Translating Informed Consent Forms (ICFs) usually brings up a debate, because sometimes the barrier to understand is not just which language the ICF is in, but the complex words and jargon used in it. Clinical trials are essential to make scientific and medical progress, but even more important is to guard the wellbeing of the human participants. Making sure that they understand and know what they are consenting when signing an ICF is their right and must be a priority.
So… Do you need to use plain language? Do you need to translate the form into many languages? In this blog entry, we will unfold what you need to consider when translating or adapting an ICF.
- What about ICFs regulations?
- What do you need to know when translating ICFs?
- Finding an ICF specialized translator
What about ICFs regulations?
Plain language & translation
Regulations state that Informed Consent Forms must be in language that the participant understands. This might mean that you need to translate it if you are working in another country or with foreigners that do not speak English. But it also means that in English it must be written clearly and in plain language. And when translated, ICFs must also be in plain language in the target language.
The name “Informed Consent” says it all, the person signing that document needs to know and understand the extent of the procedure that they are agreeing to. A language barrier or a poor translation might risk violating a participant’s rights and can derail a clinical trial.
When it comes to translating your ICFs it is necessary to have on board a specialized professional that knows how to work with patient-facing documents. You’ll need a translator that has an expertise in the life sciences industry to understand the source document but that can also work out a way to put it in simpler words making it more accessible for the public.
The language it is in won’t mean much if the form was written by a high level surgeon or specialist doctor with intricate and specific language. If English speakers struggle to understand the language of Informed Consent Forms, imagine the difficulty that exists for people with limited English proficiency (LEP).
Limited English proficiency
As we mentioned, the regulation states that the ICFs must be in an understandable language. This is why in both the US Food and Drug Administration and the Department of Health and Human Services, the forms must be translated for all LEP patients.
In the United States, there are growing communities of people who do not understand spoken and/or written English. But this people, for different reasons, might bring key information to a clinical study that might get lost if they can’t participate because of a form in English.
What do you need to know when translating ICFs?
What is an Informed Consent Form?
An informed consent form is both an ethical and legal requirement for a human to take part in a clinical trial. These documents give the participant all the information that they need and it always includes:
- A summary of the procedure or study.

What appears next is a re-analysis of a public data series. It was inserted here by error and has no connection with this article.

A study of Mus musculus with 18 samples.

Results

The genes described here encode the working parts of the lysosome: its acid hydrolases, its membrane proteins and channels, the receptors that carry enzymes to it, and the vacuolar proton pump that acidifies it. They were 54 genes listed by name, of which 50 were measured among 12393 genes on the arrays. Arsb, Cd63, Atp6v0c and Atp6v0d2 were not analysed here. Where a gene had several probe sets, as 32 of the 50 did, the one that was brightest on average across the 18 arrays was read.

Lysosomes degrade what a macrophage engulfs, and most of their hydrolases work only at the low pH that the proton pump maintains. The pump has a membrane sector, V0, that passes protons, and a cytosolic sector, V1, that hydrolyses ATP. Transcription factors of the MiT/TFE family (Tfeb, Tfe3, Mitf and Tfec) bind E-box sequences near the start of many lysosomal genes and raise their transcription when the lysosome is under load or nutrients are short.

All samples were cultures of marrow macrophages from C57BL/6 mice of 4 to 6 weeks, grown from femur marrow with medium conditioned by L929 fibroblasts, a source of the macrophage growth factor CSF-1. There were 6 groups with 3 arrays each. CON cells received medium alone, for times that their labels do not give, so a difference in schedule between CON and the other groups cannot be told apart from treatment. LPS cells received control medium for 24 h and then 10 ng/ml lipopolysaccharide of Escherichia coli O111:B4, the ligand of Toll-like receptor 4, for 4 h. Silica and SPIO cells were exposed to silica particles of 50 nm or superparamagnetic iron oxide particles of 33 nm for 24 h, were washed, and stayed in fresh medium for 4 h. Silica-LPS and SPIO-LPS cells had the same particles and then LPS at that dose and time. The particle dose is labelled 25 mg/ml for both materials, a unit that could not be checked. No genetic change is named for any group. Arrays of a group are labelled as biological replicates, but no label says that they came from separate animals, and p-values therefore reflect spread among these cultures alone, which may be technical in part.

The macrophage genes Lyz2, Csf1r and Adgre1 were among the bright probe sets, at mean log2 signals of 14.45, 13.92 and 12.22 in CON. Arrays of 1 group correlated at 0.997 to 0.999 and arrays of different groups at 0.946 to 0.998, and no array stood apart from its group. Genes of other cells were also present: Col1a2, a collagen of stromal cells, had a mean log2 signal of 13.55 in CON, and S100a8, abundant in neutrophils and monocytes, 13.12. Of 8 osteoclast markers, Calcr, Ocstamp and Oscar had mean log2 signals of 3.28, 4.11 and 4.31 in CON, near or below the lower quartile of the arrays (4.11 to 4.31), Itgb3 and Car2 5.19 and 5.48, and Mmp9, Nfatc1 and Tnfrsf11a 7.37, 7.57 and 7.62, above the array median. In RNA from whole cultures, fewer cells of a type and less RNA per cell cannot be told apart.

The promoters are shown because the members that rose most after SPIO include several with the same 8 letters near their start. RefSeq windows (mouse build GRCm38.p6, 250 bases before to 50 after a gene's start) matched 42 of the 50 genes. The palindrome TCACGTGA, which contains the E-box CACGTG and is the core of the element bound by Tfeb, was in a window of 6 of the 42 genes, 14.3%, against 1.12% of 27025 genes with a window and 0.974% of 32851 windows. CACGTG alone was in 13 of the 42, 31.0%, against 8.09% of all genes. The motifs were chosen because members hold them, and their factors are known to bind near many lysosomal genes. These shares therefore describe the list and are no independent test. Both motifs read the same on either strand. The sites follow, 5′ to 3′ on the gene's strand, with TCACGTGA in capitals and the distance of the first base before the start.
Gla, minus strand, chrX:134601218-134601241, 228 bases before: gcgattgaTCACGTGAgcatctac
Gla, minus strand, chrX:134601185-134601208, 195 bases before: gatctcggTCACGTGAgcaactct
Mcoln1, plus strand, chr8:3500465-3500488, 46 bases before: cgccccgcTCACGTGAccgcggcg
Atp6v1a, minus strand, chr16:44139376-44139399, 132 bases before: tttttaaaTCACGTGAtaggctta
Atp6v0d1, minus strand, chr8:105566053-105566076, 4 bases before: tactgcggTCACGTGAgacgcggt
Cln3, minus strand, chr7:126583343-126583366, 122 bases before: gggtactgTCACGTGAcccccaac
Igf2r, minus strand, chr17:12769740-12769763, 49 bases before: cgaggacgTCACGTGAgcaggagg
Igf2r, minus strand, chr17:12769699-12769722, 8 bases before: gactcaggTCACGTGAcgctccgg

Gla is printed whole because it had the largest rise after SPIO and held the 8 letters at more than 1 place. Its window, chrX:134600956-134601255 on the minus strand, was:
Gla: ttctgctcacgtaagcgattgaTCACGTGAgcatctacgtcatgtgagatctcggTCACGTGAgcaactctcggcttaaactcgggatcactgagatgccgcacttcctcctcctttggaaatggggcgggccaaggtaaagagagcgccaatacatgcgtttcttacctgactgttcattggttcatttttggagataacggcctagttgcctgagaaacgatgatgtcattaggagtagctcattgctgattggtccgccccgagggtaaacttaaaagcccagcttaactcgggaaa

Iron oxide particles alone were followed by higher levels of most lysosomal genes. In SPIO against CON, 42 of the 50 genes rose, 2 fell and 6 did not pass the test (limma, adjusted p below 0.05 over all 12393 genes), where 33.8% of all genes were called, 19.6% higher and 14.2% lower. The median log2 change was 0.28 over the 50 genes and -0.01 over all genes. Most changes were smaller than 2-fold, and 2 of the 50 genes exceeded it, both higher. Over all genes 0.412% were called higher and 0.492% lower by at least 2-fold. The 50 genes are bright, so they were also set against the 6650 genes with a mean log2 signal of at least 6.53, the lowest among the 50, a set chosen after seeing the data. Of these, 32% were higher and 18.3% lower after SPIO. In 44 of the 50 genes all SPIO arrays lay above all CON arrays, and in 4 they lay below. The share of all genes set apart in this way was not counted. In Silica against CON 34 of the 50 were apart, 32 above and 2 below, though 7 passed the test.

- Its purpose.
- The duration and schedule.
- Expected procedures.
- Potential benefits and risks.
- Alternatives to participating.
- The rights and responsibilities of those involved (the participant, study administrators, sponsors, etc.).
Informed consent forms consist of two parts. One part is the information sheet that includes the aspects outlined above. The second part is the certificate of consent. Participants receive a copy of their informed consent form and information sheet.
Do ICFs translation require a certificate of accuracy?
In most instances, the Institutional Review Board (IRB) must review and approve all translated versions of an informed consent form before it is used in a study. As part of the review and approval process and in order to satisfy most IRBs, Informed Consent Form translations must be submitted along with a certificate of translation accuracy. The Certificate of Translation Accuracy verifies that certified linguists were used and that a process (preferably a certified process) was employed while performing the translation.
Will you need back translation?
Sometimes, if a particular clinical trial is especially complicated or has associated risks, back translations of the ICFs might be required. This particular procedure involves taking the translated document and having a different translator (who has not seen the source document) translate it back to the source language. Later, the two versions will be assessed to confirm there was nothing lost in the translation, this provides an additional quality assurance step.
Interpreting services might be advisable
If participants speak another language or are limited in English proficiency, offering interpreting services is a good practice. While the only legal requirement is having the initial ICF translated into an understandable language, questions may arise when signing or during the trial. Plus, participants must know who to contact when different issues come up, and contacts should be able to communicate in a language participants understand.
Finding an ICF specialized translator
Informed Consent Forms are required for any study or medical procedure and anywhere in the world you might be carrying out trials you’ll probably need to translate ICFs. Ensuring that participants and patients understand what they are agreeing to is a must to respect their rights and the integrity of a clinical trial.
At Win & Winnow, we have almost 20 years of experience in the life sciences industry, our specialized team helps you carry out your clinical trials in more than 100 languages. Contact us to get a free assessment and quote!